Joel Klein Discusses Testing Issues, Parental Involvement in City’s Schools

Innovation and meaningful change were among the topics of discussion for New York City Schools Chancellor Joel I. Klein, the special guest of Chancellor Matthew Goldstein on a recent broadcast of CUNY TV’s “CUNY Honors,” excerpted here.

  Picure of Chancellor Joel Klein
Chancellor Joel Klein

Chancellor Goldstein: I am struck by your focus on leadership because I so much agree with you. You show me a great school and I am going to show you an inspired leader.

Chancellor Klein: Well, I do agree with your premise. I think the leadership is all the difference in the world. The principal has to be the instructional leader in the building.

If you are there doing something else, it is not going to send the right message. Second, you’ve got to be a situational manager. What we are doing is teaching people a combination of instructional and business skills in a way that, for example, will help them understand that the most important asset any leader has is time. If you dissipate it, you won’t effect change in a system. The third thing we are doing is having a very problem-solving curriculum. We are not big on traditional didactic classroom teaching as a way to really get to students.

Q: I am particularly impressed with the notion of a common curriculum, which is so fundamental in mathematics and in English. This is revolutionary in this city and quite exciting.

A: We had forty, fifty math curricular and thirty-five different literacy programs. We have—especially in our poverty areas—enormous mobility inside the city. So you may have a young teacher move from school to school two or three times and face a new curriculum each time. So why not try to make it easy? If we were getting good results from all these curriculums, I’d say “let a thousand flowers bloom,” and we’d have a beautiful garden. But instead we have been getting very different outcomes.

Q: With the changes, profound changes, organizational management changes and really deep educational changes, how are you going to know two years from now, three years from now, that these alterations are having the effect that you want?

A: Standardized test scores. I don't want to exaggerate their significance, but they are a reasonable measure in terms of whether we are raising performance. We have the data and indeed the federal and state governments are going to use these tests to define our future. We will also look at our graduation rates, the rates of students passing the Regents exam, our attendance rates. We will be very transparent about it. My view is that you put this data out there. You don't try to spin it.

Q: There is another ingredient here, and that is the role of getting parents very much involved in the learning process and in the life and vitality of the schools. What are you going to be doing that is different from what others have attempted, and how is that going to be conceptualized and organized?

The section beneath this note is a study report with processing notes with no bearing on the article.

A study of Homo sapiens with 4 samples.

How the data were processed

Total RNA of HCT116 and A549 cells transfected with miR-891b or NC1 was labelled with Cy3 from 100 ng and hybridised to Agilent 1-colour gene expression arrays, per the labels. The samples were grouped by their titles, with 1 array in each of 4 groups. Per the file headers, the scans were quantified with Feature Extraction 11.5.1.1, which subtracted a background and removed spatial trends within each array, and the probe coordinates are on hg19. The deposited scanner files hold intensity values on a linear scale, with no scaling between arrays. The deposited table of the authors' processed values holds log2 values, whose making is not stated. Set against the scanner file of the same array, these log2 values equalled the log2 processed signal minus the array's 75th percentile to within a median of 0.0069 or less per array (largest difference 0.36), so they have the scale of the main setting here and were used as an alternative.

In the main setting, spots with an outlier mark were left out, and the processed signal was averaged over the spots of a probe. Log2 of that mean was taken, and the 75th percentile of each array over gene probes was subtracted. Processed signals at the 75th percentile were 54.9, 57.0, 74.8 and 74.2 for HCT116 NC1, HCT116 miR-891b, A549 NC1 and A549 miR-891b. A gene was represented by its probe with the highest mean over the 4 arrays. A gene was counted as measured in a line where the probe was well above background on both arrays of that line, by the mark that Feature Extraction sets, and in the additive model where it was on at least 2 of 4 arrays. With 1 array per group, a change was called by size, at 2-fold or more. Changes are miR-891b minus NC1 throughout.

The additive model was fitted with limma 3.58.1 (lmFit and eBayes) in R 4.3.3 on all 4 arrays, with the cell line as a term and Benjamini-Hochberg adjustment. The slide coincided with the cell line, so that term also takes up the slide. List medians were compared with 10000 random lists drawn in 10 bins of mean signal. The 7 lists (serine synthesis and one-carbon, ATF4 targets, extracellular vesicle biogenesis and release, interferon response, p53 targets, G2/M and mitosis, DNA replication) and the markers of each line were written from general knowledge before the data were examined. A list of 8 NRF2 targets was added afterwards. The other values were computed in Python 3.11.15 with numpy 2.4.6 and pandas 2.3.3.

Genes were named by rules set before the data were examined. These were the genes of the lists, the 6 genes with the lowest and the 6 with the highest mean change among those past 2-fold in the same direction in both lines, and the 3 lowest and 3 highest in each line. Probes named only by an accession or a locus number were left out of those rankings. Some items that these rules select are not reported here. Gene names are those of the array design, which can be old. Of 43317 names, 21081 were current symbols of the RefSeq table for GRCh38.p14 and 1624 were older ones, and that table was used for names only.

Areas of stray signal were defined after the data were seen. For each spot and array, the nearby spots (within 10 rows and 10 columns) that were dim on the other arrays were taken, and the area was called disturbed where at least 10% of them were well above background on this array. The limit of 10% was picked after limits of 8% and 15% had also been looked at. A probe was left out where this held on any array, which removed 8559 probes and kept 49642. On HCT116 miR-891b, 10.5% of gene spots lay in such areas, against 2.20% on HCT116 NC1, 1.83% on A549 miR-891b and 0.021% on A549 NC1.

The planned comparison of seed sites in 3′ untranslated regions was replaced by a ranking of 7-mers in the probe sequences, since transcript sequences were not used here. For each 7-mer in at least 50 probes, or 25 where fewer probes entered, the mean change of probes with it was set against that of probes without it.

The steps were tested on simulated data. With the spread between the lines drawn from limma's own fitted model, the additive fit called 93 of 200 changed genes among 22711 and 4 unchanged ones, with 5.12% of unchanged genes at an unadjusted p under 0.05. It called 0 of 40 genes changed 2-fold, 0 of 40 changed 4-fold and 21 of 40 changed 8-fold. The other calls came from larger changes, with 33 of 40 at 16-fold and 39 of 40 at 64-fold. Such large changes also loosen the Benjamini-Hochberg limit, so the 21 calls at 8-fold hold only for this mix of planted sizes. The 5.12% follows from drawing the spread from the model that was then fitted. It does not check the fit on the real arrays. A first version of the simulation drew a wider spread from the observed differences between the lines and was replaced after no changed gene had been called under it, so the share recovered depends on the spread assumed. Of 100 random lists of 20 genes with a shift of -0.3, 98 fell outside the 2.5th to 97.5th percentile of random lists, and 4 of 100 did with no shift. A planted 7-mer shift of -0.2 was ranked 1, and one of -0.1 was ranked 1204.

A: You are absolutely right about this-and this comes from my own experience in life. This is the way parents, my parents saw the role of public education in my own life. People used to say, well, your parents read to you at home, but my parents didn't read to me at home. But they conveyed to me that, frankly, if I wanted to live a different life, an economically more secure life than they had lived, then education was the medium to do so. They conveyed that I would be unfortunate if I didn't seize it. Even though I was a young kid, I had to understand that. So a core thing we are doing is putting a parent coordinator in each school. This is a new position, and this is going to be somebody whose full-time job it is, and we are going to have a training program for them as well. The parent coordinator will relate to the parents in the building.

Q: What are some of the things that get you upset, surprise you, make you just want to bang some heads together?

A: The fundamental problem is that too often in the system the interests of others take precedence over kids. Let's face it, whether it’s vendors or whether it’s interest groups, whether it is a particular constituency, or how we hire–all those kinds of issues come up in the system and overwhelm the children, who, after all, are not an organized constituency. And I think that has been at times dismaying, frustrating. But keeping the focus on the needs of kids is critical. The second thing that surprised me, I think in a very positive way, is how many times, despite common wisdom, you will find in very tough neighborhoods high-functioning schools, where you will have a principal who has created a learning environment that is exciting, that works for the teachers. There is an alignment, not a we/they confrontation, that works. You can tell walking into a building, you can tell whether the principal knows the kids in the building.